Influences Of Canopy Photosynthesis And Summer Rain Pulses On Root Dynamics And Soil Respiration In A Young Ponderosa Pine Forest
Misson, L., Gershenson, A., Tang, J., McKay, M., Cheng, W., Goldstein, A. (2006/07/01) Influences Of Canopy Photosynthesis And Summer Rain Pulses On Root Dynamics And Soil Respiration In A Young Ponderosa Pine Forest,
Tree Physiology, 26(7), 833-844. https://doi.org/10.1093/treephys/26.7.833
Funding Agency: —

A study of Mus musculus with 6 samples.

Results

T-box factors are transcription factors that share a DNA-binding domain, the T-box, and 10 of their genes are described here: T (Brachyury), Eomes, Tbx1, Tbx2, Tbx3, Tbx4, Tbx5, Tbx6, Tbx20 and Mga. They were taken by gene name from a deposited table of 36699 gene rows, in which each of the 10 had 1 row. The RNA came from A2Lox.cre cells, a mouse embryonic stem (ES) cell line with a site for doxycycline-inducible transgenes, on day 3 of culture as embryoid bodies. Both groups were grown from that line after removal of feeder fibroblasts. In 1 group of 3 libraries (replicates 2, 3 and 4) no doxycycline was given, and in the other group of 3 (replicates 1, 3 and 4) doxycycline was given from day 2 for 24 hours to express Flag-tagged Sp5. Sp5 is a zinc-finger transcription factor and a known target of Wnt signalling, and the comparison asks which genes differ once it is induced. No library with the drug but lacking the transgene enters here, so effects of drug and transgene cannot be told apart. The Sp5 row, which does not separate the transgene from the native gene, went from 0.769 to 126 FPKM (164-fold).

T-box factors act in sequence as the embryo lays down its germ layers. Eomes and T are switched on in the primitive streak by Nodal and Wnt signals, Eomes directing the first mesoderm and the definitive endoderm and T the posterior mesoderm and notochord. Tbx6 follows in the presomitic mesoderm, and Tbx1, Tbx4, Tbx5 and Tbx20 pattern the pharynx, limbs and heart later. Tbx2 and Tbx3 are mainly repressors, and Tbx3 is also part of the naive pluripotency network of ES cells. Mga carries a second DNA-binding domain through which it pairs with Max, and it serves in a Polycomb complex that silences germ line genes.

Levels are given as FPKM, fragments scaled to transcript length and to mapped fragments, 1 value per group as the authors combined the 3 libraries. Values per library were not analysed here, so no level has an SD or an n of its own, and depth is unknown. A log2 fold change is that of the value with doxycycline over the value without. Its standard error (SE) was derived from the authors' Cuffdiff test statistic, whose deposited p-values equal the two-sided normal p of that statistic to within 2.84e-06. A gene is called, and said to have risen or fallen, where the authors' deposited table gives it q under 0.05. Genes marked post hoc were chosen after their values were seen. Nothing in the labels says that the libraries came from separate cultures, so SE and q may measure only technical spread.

Our first objective was to link the seasonality of fine root dynamics with soil respiration in a ponderosa pine (Pinus ponderosa P. & C. Lawson) plantation located in the Sierra Nevada of California. The second objective was to examine how canopy photosynthesis influences fine root initiation, growth and mortality in this ecosystem. We compared CO2 flux measurements with aboveground and belowground root dynamics. Initiation of fine root growth coincided with tree stem thickening and shoot elongation, preceding new needle growth. In the spring, root, shoot and stem growth occurred simultaneously with the increase in canopy photosynthesis. Compared with the other tree components, initial growth rate of fine roots was the highest and their growing period was the shortest. Both above and belowground components completed 90% of their growth by the end of July and the growing season lasted ∼80 days. The period for optimal growth is short at the study site because of low soil temperatures during winter and low soil water content during summer. High photosynthetic rates were observed following unusual late-summer rains, but tree growth did not resume. The autotrophic contribution to soil respiration was 49% over the whole season, with daily contributions ranging between 18 and 87%. Increases in soil and ecosystem respiration were observed during spring growth; however, the largest variation in soil respiration occurred during summer rain events when no growth was observed. Both the magnitude and persistence of the soil respiration pulses were positively correlated with the amount of rain. These pulses accounted for 16.5% of soil respiration between Days 130 and 329.